November 06, 1994|Christopher Merrill | Christopher Merrill is the author, most recently of "Watch Fire," a collection of poems from White Pine Press

Why do poets turn to prose H. Lawrence shuttled back and forth between poetry and prose, one genre feeding the other in his search for aesthetic and spiritual meaning. Elizabeth Bishop, ever alert to formal innovations, discovered in her short fiction new ways to confront the harshest facts of her own autobiography. And Joseph Brodsky suggests that Marina Tsvetetaeva's prose enabled her to expand "the possibilities of language," mitigating the isolation central to the experience of any great lyric poet.

There are, of course, less noble reasons to trade dancing for walking, as Paul Valery might have put it, including the need to pay the bills, a craving for a larger audience or simply the desire to keep busy between poems. This last is what seems to govern a significant portion of Maxine Kumin's new collection of essays and stories, "Women, Animals, and Vegetables." "But it is good for poets to undertake prose from time to time," she writes in "Have Saddle, Will Travel," an essay about the hazards faced by an avid horsewoman on the poetry circuit, "and it is good for the rider to adapt to a different way of going."

The author of 10 volumes of poetry, including "Up Country," for which she received the Pulitzer Prize in 1973, and seven previous books of prose, in much of her new collection Kumin celebrates the simple life she has fashioned over 30 years on a farm in central New Hampshire. A tumbledown house and 200 acres "magicked" her and her husband when they first saw it. "Innocence protected us from appreciating the enormity of the restoration we were about to undertake," she admits. "We were young and eager and almost totally ignorant of country ways." "Women, Animals, and Vegetables" reveals how well-schooled they have become in farm life. "I am a transplant whose new roots go deep," she says proudly.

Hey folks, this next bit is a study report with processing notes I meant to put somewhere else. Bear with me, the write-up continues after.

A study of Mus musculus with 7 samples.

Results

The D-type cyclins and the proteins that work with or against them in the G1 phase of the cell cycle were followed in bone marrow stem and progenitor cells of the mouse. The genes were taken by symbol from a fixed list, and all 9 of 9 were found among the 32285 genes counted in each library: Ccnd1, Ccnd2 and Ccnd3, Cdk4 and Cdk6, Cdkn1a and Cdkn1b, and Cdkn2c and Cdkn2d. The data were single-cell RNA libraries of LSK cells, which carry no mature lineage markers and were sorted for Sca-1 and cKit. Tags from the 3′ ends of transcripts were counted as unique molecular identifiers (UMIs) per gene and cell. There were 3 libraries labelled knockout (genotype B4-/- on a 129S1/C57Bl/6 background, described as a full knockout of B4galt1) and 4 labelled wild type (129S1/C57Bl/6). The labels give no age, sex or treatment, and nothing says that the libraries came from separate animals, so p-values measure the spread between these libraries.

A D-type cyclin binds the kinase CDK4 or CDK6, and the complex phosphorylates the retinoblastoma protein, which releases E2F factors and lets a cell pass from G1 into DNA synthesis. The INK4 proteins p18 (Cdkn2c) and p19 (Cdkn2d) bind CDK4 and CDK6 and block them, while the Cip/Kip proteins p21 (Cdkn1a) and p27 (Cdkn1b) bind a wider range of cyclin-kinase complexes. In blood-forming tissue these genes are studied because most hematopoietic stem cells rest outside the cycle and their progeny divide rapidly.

Kumin describes the pleasures of raising and riding horses, of gardening and mushrooming, of learning how in the country "Things have a way of balancing out(.)" She has a poet's virtues: an eye for detail, an ear for graceful phrasing and an aphoristic bent--"Foraging for mushrooms has its own visceral pleasures: We reap where we did not sow, paper, mulch, or water." This is a book many readers will find companionable.

Others, though, will consider her essays, many of which were written to order, to be too short and occasional in nature to fully satisfy, while the stories read like notes toward fictions--and predictable ones at that. Only in "Jicama Without Expectations," her longest and most ambitious essay, does Kumin offer a sustaining vision of her rural experience. She takes us through a year on the farm, and the result is delightful. "All is as workable as Latin grammar," she says of her garden, which yields 800 pounds of produce: "amo, amas, amat among the brassicas; hic, haec, hoc in a raised bed lively with parsnip foliage." She discovers at every turn reasons to rhapsodize--sleigh rides, first light, "geese going over, baying like beagles in the dawn sky." And when she concludes the penultimate paragraph with a quote from Stanley Kunitz--"What do I want of my life?/More! More!"--readers may wish for the same from her own work.

Kumin has wisely chosen to include, by way of epigraph, one of her best recent poems, "The Word." Riding in the October woods, she and her horse surprise a doe. "Come back! I want to call to her," the poet cries, wishing to tell her that when she feeds birds they perch on her arm, "permitting (her) briefly/ to stand in for a tree(.)" And some mornings a vixen lets her "observe the education/of her kits"--a gift for which Kumin is profoundly grateful, for she knows the "word" the fox uses to command her young is the same one she is "searching for."

Its sound is o-shaped and unencumbered,

the see-through color of river,

airy as the topmost evergreen fingers

and soft as pine duff underfoot

where the doe lies down out of sight:

take me in, tell me the word.

Kumin's readers will mourn the absence of that word in the essays and stories of "Women, Animals, and Vegetables"; in her poem they will find it is a vital and mysterious specter.